Thursday, July 15, 2010

Movie of the Week

This week,


Starring- Spike Lee, John Turturro, Danny Aiello, Bill Nunn

It is the hottest day of the year in Bedford-Stuyvesant, Brooklyn, a black and Puerto Rican neighborhood, and the tension that always simmers beneath the surface of its residents is about to boil over. In this sometimes funny, poignant and volatile commentary on race relations, Lee, as director and star, makes you feel the heat both literally and figuratively.

The main focus of the film is on the way the various ethnic groups interact, and how those interactions culminate at the end of a very hectic day. Lee plays Mookie, a pizza delivery guy for Sal's Pizza, which is owned and operated by Sal (Aiello) and his two sons who are of Italian decent. Sal's two sons represent opposite ends of the spectrum, Vito is friendly with Mookie and accepting of the different races that live in the neighborhood, while Pino is openly bigoted and says that he "detests the place like a sickness." Also living in the neighborhood is the boom box toting Radio Raheem, a large, militant black man who plays Public Enemy's "Fight the Power" nonstop wherever he goes; the matriarch of the neighborhood, Mother-Sister and her would be suitor, the drunk Da Mayor; and Mookie and Raheem's inflammatory friend, Buggin' Out.

Buggin' Out is offended that the wall of fame in Sal's Pizza Shop has no black people on it, and he gets into it with Sal and Pino as he tries to stage a protest against Sal's seeming racial intolerance. Raheem is the only one who joins with Buggin' Out, having been previously ejected from Sal's for blasting his music. Mookie serves as the bridge between the two factions, hoping that cooler heads will prevail, despite the mutual acrimony. As the day wears on and the heat refuses to break, even those who might not be provoked get stoked into action. It all comes to a violent head as Raheem and Sal fight it out in the Pizza shop. There is a more tragic end to it all, that I will not divulge here, but the riot that ensues is triggered by an unlikely source, and the resolution is somewhat bittersweet.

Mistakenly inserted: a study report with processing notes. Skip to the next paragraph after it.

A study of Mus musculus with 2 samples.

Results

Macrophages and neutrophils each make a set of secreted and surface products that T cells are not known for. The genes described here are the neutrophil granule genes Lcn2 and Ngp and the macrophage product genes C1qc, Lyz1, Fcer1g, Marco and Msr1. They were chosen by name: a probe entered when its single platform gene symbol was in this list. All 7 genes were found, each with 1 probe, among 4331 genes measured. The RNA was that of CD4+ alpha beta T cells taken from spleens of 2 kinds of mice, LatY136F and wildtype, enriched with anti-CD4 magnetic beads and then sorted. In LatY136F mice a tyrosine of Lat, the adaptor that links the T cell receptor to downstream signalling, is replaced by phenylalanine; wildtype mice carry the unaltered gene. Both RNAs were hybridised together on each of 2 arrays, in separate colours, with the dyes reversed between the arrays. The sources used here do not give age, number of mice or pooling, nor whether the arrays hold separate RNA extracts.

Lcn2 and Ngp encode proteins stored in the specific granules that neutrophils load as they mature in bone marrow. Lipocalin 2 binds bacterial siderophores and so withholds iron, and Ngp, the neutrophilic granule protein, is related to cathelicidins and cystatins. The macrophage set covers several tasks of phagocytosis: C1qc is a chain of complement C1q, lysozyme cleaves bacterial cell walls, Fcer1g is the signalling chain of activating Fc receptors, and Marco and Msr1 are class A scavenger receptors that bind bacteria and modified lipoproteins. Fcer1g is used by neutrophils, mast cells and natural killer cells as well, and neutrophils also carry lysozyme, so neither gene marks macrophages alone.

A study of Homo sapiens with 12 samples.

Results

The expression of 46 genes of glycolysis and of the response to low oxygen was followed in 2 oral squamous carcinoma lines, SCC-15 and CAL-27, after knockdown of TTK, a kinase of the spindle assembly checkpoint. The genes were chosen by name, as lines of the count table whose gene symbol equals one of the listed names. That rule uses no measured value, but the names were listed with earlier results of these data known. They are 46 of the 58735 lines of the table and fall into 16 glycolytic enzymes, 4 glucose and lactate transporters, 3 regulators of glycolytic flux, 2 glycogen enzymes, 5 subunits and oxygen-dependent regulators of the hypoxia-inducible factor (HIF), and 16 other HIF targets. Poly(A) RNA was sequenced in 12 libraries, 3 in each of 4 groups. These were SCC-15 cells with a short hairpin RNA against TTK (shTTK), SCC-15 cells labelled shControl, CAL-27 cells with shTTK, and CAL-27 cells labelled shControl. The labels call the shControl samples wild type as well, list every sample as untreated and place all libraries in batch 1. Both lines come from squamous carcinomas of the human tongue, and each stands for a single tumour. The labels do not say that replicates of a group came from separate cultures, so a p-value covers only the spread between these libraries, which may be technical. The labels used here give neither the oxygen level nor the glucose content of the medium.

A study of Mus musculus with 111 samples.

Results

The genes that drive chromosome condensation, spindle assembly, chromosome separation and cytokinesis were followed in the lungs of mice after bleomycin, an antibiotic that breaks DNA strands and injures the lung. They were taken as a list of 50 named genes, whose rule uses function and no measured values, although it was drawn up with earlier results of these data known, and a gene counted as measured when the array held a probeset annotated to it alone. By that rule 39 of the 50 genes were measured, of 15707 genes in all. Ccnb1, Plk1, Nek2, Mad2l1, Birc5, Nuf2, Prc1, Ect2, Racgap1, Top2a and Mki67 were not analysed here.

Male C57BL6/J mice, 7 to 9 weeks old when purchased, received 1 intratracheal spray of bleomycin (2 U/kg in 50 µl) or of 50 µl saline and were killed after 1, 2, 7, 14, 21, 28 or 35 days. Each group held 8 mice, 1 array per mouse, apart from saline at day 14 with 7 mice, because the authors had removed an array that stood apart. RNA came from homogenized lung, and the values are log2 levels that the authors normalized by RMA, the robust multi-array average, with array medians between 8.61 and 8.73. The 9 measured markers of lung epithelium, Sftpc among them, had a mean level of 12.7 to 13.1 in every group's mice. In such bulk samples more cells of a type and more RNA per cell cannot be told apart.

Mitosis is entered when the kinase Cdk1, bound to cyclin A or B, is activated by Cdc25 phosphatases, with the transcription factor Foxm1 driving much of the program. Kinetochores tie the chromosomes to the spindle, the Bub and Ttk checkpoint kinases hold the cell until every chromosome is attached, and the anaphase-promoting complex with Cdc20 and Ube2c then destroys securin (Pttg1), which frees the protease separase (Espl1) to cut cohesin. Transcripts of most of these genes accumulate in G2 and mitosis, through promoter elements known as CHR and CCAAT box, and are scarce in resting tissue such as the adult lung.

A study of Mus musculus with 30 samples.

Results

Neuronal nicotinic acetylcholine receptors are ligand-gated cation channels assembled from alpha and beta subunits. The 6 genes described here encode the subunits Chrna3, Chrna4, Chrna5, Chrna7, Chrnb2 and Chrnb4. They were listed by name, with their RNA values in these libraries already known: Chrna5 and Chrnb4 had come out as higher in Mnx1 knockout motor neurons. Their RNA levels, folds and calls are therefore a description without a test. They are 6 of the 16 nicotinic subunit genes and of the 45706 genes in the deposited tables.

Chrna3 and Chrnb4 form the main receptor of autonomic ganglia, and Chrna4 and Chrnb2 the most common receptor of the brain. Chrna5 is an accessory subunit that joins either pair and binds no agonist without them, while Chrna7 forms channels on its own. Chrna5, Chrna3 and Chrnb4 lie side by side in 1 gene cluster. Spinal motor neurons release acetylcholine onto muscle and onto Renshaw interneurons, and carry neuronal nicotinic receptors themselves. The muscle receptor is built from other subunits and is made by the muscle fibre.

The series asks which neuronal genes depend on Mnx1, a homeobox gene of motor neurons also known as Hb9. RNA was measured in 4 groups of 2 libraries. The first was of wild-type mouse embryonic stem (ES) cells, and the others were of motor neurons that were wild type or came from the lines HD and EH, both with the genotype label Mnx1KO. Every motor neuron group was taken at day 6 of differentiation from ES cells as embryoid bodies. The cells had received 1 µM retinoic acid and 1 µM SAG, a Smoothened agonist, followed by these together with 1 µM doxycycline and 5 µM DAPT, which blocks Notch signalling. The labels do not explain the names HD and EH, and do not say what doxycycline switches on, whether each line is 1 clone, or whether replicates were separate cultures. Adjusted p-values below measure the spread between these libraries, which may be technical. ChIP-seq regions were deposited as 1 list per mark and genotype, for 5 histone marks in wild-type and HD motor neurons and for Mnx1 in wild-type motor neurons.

I credit Lee for creating a film that addresses the issue of race without being preachy, one-sided or angry. Do The Right Thing can leave you feeling ambiguous about the message, but I think the true message of the movie is to make you think about race, relationships and how they play out in your life. This film has a great variety of tones going from funny to tragic and back again while keeping you riveted the entire time. In my opinion, this film is Lee's masterpiece.

Things to Watch for-

Samuel L. Jackson as the D.J. Senor Love Daddy
The racial slur montage
Rosie Perez as Mookie's Girlfriend
Extra Cheese
Air Jordans

"Hey, Sal, how come they ain't no brothas on the wall?"